A former Mormon who could face a life sentence after threatening to execute church members in a “Dunblane massacre” was refused release from jail this week.
James Lynn-Wilson urged a judge to allow him his liberty while a further report is prepared on him citing issues with his health.
But Lady Carmichael told him he would continue to be held in prison and ordered a supplementary psychological report in his case.
Lynn-Wilson (44), from Denny, earlier admitted conduct which caused fear or alarm between February 16 and March 22 this year, when he appeared at Stirling Sheriff Court.
He repeatedly phoned Stephen Kerr and told others he was going to execute Mr Kerr and threatened to enter the Church of Jesus Christ of Latter-day Saints and execute members.
Lynn-Wilson was the subject of a Court of Session order banning him from communicating with members of the church. The civil anti-harassment order prohibited from going into or being in the immediate vicinity of church properties in Scotland.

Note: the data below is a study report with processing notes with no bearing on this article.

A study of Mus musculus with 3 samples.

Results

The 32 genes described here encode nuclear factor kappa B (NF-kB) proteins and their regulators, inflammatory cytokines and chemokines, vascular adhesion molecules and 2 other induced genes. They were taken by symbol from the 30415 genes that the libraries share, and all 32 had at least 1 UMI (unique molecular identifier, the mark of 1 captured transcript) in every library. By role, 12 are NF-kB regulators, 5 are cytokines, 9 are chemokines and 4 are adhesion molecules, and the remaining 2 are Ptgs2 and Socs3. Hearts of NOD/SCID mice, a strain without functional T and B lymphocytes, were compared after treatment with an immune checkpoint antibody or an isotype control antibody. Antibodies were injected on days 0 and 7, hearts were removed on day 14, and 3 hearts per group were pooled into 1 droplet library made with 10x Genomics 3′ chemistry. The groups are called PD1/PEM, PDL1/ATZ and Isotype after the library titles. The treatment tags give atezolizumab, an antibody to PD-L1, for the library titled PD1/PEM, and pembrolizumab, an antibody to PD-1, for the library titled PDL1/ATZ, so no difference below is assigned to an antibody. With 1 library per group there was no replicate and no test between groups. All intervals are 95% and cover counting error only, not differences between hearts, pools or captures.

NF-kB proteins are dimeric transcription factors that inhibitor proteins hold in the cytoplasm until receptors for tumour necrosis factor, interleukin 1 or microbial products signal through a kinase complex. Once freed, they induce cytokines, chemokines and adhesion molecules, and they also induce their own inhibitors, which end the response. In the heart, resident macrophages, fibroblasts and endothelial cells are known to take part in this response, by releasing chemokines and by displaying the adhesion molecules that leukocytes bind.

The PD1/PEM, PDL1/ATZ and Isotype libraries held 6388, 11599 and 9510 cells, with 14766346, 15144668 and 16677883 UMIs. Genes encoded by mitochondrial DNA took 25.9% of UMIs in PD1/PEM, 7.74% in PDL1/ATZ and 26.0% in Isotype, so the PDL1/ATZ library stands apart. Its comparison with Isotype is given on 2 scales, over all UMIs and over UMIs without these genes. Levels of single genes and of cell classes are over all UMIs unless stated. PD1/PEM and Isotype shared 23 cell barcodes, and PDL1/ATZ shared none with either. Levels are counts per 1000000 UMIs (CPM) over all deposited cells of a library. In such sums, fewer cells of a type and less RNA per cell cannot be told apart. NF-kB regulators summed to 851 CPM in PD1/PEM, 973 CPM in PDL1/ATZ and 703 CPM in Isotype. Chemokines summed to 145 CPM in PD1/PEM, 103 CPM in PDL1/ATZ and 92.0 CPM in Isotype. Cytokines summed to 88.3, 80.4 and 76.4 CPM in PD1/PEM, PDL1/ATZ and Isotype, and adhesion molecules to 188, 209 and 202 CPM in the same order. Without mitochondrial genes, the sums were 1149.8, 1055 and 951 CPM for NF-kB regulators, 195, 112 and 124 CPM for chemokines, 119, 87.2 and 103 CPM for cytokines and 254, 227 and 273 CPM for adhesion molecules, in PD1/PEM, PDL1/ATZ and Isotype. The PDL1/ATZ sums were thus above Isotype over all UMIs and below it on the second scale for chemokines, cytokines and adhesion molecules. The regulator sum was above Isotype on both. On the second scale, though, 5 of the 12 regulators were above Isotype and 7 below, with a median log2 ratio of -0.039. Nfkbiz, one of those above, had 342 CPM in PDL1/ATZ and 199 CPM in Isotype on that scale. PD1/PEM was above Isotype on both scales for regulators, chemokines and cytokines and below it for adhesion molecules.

He later called the church’s global security operations centre in Salt Lake City, Utah, and said he was going to execute Mr Kerr and that if “Brother Kerr” was not released from the church within 48 hours he would go to a church and kill members.
He said: “Next step is to be like the Dunblane massacre. Walk into the church and blow people’s heads off. I am going to execute one of your church members.”
Lady Carmichael continued the case until next month at the High Court in Glasgow.
Stirling Sheriff William Gilchrist had sent the case to the High Court because he considered that the risk criteria for imposing an OLR (Order for Lifelong Restriction) may be met.
Lady Carmichael said she would seek a further report dealing with the question of Lynn-Wilson’s risk. Lynn_Wilson sought his release from prison which was difficult for him because of health issues with his hearing, balance and other matters.
The judge told Lynn-Wilson at the High Court in Edinburgh on Tuesday: “It is inevitable in my view that some form of custodial sentence will result and it is appropriate you remain in custody at this time.”
The court was told that Lynn-Wilson had an extensive list of previous convictions, mostly connected to his long-standing dispute with the Kerrs, his former wife and the Mormon church.
Lynn-Wilson claimed he had been excommunicated from the church and had not wanted his son to be baptised into it.